Rice and beans are a staple in many countries and something I think we could eat a lot more of in the states! Back in 2008, I had the opportunity to go on a 14 month adventure in Dodoma, Tanzania where I volunteered for a non-profit and got to eat my weight in rice and beans. I found, oddly, that I didn’t miss the variety of food we have in the states. It was comforting to eat this meal everyday and never have to wonder, “what’s for dinner?”
In the first week I arrived, a very sweet boy named Stephane presented me with a live chicken as a gift. Now, as an American, I was a bit startled by this gift. However, I later came to understand that a chicken is a very generous gift in Tanzania because not only are you giving a person a supply of eggs, but when the chicken is no longer producing eggs you can slaughter it and winner winner chicken dinner!
Meat is actually one of the most expensive foods, which is why most Tanzanian families eat wali na maharage or ugali na maharage (rice and bean or ugali and beans) on a daily basis. Meat is reserved for special occasions. Ugali is another Tanzanian staple that is very similar to polenta but you use it as your fork and spoon to scoop up beans with your right hand (never your left). I’m going to be sharing my rice and beans recipe because this was what I ate 90% of the time the 14 months I lived in Dodoma. You’ll understand why as I continue my story of the chicken who I named Stephanie in honor of Stephane.
One of my sweet co-workers, Rebecca, volunteered to care for Stephanie, mostly because it was clear I had no idea what to do with her and in payment she would use the eggs Stephanie produced. 6 months later I forgot I even had a chicken, but early one Monday morning my roommate Leisha and I heard a knock on the door. Keep in mind, Monday was our day off and we had planned on sleeping in, but at 8AM I heard a soft, but persistent knock and finally gave up on my lazy morning and answered the door.
There stood Rebecca’s son holding Stephanie the chicken and explaining rapidly to me in Swahili why he was there. Understand, my Swahili was only slightly above a 3rd grade level at this point, so he resorted to sign language and made a cutting motion across his throat pointing at Stephanie with a very wide grin on his face. I finally realized he was telling me it was time to slaughter and cook Stephanie. Nothing could have horrified me more, but it soon became apparent that there was no getting out of this. Stephanie would meet her maker that day.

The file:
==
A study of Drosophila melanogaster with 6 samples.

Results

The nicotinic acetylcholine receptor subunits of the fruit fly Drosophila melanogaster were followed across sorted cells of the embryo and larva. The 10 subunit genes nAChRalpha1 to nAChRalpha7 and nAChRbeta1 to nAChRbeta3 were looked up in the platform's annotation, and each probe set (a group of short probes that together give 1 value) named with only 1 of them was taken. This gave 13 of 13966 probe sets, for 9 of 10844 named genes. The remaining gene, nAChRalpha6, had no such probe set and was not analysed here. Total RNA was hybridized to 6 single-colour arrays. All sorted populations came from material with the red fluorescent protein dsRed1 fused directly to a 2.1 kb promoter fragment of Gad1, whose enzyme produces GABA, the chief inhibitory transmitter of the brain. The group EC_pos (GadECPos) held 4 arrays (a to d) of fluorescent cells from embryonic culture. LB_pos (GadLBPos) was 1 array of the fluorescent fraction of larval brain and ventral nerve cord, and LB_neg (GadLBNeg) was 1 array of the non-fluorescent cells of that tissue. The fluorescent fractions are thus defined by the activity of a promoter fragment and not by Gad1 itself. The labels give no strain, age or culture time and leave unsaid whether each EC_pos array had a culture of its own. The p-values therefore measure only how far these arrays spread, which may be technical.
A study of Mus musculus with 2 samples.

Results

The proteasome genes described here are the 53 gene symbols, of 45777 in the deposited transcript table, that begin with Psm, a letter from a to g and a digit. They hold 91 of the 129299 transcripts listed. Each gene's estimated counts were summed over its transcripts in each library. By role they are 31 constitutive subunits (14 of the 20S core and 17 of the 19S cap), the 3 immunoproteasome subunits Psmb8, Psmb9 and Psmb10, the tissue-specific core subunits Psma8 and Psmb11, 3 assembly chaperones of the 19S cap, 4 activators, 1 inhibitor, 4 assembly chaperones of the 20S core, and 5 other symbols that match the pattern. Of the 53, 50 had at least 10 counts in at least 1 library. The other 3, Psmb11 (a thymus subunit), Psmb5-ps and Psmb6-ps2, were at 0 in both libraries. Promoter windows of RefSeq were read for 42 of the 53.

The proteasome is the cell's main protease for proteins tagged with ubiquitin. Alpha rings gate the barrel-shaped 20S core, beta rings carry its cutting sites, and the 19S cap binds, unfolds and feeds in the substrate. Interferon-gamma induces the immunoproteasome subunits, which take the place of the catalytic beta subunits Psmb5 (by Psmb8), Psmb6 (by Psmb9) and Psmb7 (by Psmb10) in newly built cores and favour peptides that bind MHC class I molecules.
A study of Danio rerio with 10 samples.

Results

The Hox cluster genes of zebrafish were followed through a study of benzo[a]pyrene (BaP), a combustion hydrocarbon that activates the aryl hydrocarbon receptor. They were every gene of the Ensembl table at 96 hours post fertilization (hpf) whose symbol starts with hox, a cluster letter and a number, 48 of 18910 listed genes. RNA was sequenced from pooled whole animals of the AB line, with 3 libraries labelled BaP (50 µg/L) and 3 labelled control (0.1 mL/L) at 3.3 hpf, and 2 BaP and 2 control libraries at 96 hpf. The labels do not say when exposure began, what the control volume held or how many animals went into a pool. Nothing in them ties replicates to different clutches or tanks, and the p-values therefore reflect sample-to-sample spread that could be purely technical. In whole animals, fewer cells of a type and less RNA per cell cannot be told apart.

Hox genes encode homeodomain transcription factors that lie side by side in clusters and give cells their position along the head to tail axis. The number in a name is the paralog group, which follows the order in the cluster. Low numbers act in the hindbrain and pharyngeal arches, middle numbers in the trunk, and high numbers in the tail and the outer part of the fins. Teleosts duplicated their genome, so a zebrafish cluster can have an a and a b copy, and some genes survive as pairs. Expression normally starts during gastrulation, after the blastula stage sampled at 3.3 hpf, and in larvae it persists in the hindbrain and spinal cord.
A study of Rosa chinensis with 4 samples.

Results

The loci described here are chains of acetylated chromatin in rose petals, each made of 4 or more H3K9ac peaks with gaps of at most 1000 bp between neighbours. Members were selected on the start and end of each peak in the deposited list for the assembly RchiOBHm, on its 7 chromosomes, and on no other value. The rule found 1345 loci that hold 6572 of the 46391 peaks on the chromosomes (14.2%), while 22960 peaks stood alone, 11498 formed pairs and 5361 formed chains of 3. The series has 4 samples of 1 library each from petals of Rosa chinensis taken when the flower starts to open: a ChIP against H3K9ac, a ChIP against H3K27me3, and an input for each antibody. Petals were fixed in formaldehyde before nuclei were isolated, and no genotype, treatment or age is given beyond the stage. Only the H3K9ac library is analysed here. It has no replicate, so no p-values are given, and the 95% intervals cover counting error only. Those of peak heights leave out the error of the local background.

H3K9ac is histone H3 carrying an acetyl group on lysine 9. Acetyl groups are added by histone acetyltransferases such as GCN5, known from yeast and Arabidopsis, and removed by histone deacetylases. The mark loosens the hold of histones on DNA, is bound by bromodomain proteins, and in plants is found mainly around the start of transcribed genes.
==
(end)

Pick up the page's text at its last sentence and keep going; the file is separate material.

The remainder of Leisha and my day was spent figuring out how the heck you kill and butcher a chicken. Thank God our watchman, Maduka, agreed to perform the deed of decapitating Stephanie, and then he explained that we needed to boil water to soak the chicken so that we could pluck her. I managed to pour half the boiling water on my stomach as I brought it outside to Leisha and she heroically took on the task of plucking Stephanie while I moaned in bed.
I recovered and then we set about butchering the chicken and finally cooking it for dinner. Guess what time it was when we finally ate our hard earned chicken dinner? 10pm. This is why no one is eating meat for dinner every night in Tanzania besides the wealthy who pay someone else to do their butchering. I’d also wager that if we had to do the same thing in the US every time we wanted chicken, we too would be eating a LOT of rice and beans. I know I would.
So without further ado, here is my version of the delicious and healthy Tanzanian staple, rice and beans. Consider serving with my Kachumbari recipe, delicious East African salsa.
Wali na Maharage (Tanzanian Rice & Beans)
1 cup of dried kidney beans (I like this kind)
1.5-2 cups of long grain rice, cooked (I like this kind)
4 small tomatoes, diced
10 baby carrots, diced
½ a large onion, diced
2 cloves of garlic, minced
1.5-2 cups of chicken broth (free range)
Cayenne pepper to taste
Salt to taste
½ can of full fat coconut milk
1 large plantain
1 avocado, diced
Oil for sauteing (I like this kind)
- Soak kidney beans overnight in water if possible. If not possible, soak for at least 3-4 hours.
- Drain water off the beans and add new water to fully cover and salt to taste. Bring beans to a boil on high heat and then reduce to medium-low heat and cook until tender. Note: the beans do not need to be completely soft as you will cook them a second time in the sauce.
- Drain water off beans again, rinse and set aside.
- Place garlic and onion in a saute pan with oil and cook on medium heat until translucent.
- Add diced carrots and tomatoes to the pan and saute for another 5 minutes.
- Add the cooked beans to the pan and add chicken broth until the beans and veggies are covered. Feel free to substitute water if you run out of chicken broth.
- Add salt and cayenne pepper to taste.
- Cook for an additional 30-45 minutes until beans are soft and sauce thickens a bit. This can actually cook as long as you like, so is a good make ahead meal to heat up for later. Just add more water or chicken broth if it gets too thick.
- Next slice the plantain and fry in a pan with oil. Cook 2-3 minutes on each side and remove from pan.
- Now it’s time to assemble. Pour a generous portion of beans and sauce over rice. Drizzle coconut milk on top for creaminess and sprinkle diced avocado and fried plantains on top.